Alex cooks Thanksgiving dinner. All of it. It started one year when he made the turkey and then he just took over more and more. Now, all I am responsible for is mixing the fruit cocktail into the Jell-o* and opening the cranberry sauce—you know, the gelatin food group.
In exchange for Alex’s continued cooperation in cooking all of Thanksgiving dinner, I try to not call too much attention to it and also avoid eye contact while thanking him profusely. I also am willing to look the other way when he insists on buying a fancy turkey from a farm market instead of a Butterball from the grocery store.
This isn’t such a bad thing, I suppose. Our first year in Maryland, we went to the grocery store the day before Thanksgiving to find a turkey, but all they had left were frozen turkeys. After assuring us that we were too late(!) and we would not be able to find a non-frozen turkey anywhere(!), the store employee suggested we buy two chickens instead.
We found a fresh turkey at the next grocery store over.
Anyway, when Alex tells me that he ordered a turkey from the farm market, I roll my eyes, get a couple extra twenties out of the ATM and prepare to eat myself sick. This year, however, Alex gave me the task of picking up the turkey myself.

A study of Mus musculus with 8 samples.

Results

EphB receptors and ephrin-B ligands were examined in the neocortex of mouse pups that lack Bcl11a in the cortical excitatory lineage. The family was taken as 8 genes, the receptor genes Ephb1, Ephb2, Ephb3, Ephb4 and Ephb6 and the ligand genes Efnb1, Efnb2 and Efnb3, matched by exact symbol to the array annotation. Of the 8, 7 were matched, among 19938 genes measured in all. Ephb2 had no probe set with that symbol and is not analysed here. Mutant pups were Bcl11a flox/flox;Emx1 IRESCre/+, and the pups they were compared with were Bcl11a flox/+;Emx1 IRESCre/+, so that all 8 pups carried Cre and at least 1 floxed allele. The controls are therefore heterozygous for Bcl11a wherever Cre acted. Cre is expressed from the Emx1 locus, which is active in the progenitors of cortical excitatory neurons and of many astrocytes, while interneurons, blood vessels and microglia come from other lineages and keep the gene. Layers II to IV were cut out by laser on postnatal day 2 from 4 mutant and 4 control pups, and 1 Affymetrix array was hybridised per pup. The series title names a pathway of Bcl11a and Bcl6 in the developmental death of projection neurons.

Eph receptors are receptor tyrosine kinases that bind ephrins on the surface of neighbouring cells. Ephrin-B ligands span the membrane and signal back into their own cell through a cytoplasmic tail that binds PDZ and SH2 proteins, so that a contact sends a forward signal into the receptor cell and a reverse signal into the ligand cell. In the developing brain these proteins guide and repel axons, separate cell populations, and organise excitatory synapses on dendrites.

I guess that picking up a 15-pound turkey on his motorcycle commute is not Alex’s cup of tea. C’mon, what are saddlebags for?
Word is that our turkey was “processed”** three days ago, so the munchkins and I headed down to the market today to pick up the bird. Turns out that said farm market is a stand on the side of the road.
I will neither confirm nor deny that I dropped our turkey in the mud.
Now he’s in our fridge all ready to be stuffed, basted, and devoured. Thank you,
kind hapless turkey, for being our dinner. I look forward to sitting on the couch while Alex cooks you.
I love Thanksgiving.
* I am WELL aware of how trashy this makes me, but twice a year I eat a whole box of raspberry Jell-o with fruit cocktail mixed in. Sue me.